Tuesday, Sept. 6 was a very big day for the South Texas community of Uvalde, where students returned to school following the tragic events of May 24. In a show of solidarity, students, staff and faculty across East Texas, and much of the state, wore Uvalde Consolidated Independent School District’s color of maroon to support the community.
Grapeland Independent School District Superintendent Don Jackson summed up how the community of Uvalde is at the forefront of everyone’s thoughts.
“In our lives sometimes we endure things that happened that are forever etched in our minds, Uvalde ISD and Robb Elementary will never be forgotten,” he said. “Those students and teachers are on the hearts and minds of a multitude of people each and every day. We are praying for the families directly affected and for every soul that enters the door of any school, anywhere.”
Although school started weeks ago in many parts of Texas, officials pushed back the first day of class in Uvalde after a summer of unfathomable heartache, anger, and revelations of widespread failures by law enforcement who allowed an 18-year-old gunman to open fire inside the adjoining classrooms for more than 70 minutes.
Students began arriving before dawn Tuesday at Uvalde Elementary, walking through newly installed 8-foot metal fencing that surrounds the campus and past a state trooper standing guard outside an entrance. Colorful flags hung inside the hallways and teachers wore turquoise shirts that read "Together We Rise & Together We Are Better" on the back. State troopers were parked on every corner outside the school.
Elkhart Independent School District Superintendent Dr. Lamont Smith recognizes the difference between his students returning to school and Uvalde’s.
“In Elkhart ISD, we approached the first day of school with excitement,” he said. “We were ready to see friends, co-workers and students. We were looking forward to reconnecting with our community and at the same time we were reviewing safety protocols. Our team of educators realize Uvalde is starting school with a very different reality. Wearing maroon today was just another way for us to say we care.”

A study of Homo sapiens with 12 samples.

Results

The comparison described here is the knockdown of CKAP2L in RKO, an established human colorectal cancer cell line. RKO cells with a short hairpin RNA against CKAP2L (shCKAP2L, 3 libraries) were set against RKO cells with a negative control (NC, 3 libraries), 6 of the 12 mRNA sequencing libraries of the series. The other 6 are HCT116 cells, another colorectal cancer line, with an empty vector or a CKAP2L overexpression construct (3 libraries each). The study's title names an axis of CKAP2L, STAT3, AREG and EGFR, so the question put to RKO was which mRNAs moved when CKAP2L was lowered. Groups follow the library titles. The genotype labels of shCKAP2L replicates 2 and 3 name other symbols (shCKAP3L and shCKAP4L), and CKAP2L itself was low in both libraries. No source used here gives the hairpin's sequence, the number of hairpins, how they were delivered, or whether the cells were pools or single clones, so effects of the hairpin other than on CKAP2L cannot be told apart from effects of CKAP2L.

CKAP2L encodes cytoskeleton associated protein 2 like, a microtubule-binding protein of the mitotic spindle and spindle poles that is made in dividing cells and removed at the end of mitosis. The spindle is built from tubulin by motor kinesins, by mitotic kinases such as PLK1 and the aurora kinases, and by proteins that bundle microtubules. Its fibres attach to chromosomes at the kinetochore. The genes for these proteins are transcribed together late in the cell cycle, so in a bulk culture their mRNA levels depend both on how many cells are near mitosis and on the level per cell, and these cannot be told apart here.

Slocum Independent School District Superintendent Cliff Lasiter echoed Smith’s sentiment.
“Our hearts and prayers go out to the families, the students, the teachers and the entire Uvalde community,” he said. “I cannot imagine how tough this day has to be for the entire Uvalde ISD family.”
The events that took place in Uvalde have impacted every school district in Texas. Districts spent the summer evaluating and re-evaluating safety protocols, updating facilities and training for various scenarios in order to keep students safe.
“We continue to have conversations and take actions to maintain the safety of our students and staff,” Smith said. “This tragedy has brought scrutiny to school safety programs across the nation with the hope of eliminating violent acts in schools. I challenge Anderson County citizens to report suspicious behaviors to campus and district administrators. Each campus and district has safety as a top priority.”
The return to classrooms today was surely an emotional time for the community of Uvalde. The support coming in from all over Texas speaks volumes about the people of this great state.
Some information included in this article was taken from an Associated Press story by Paul J. Weber.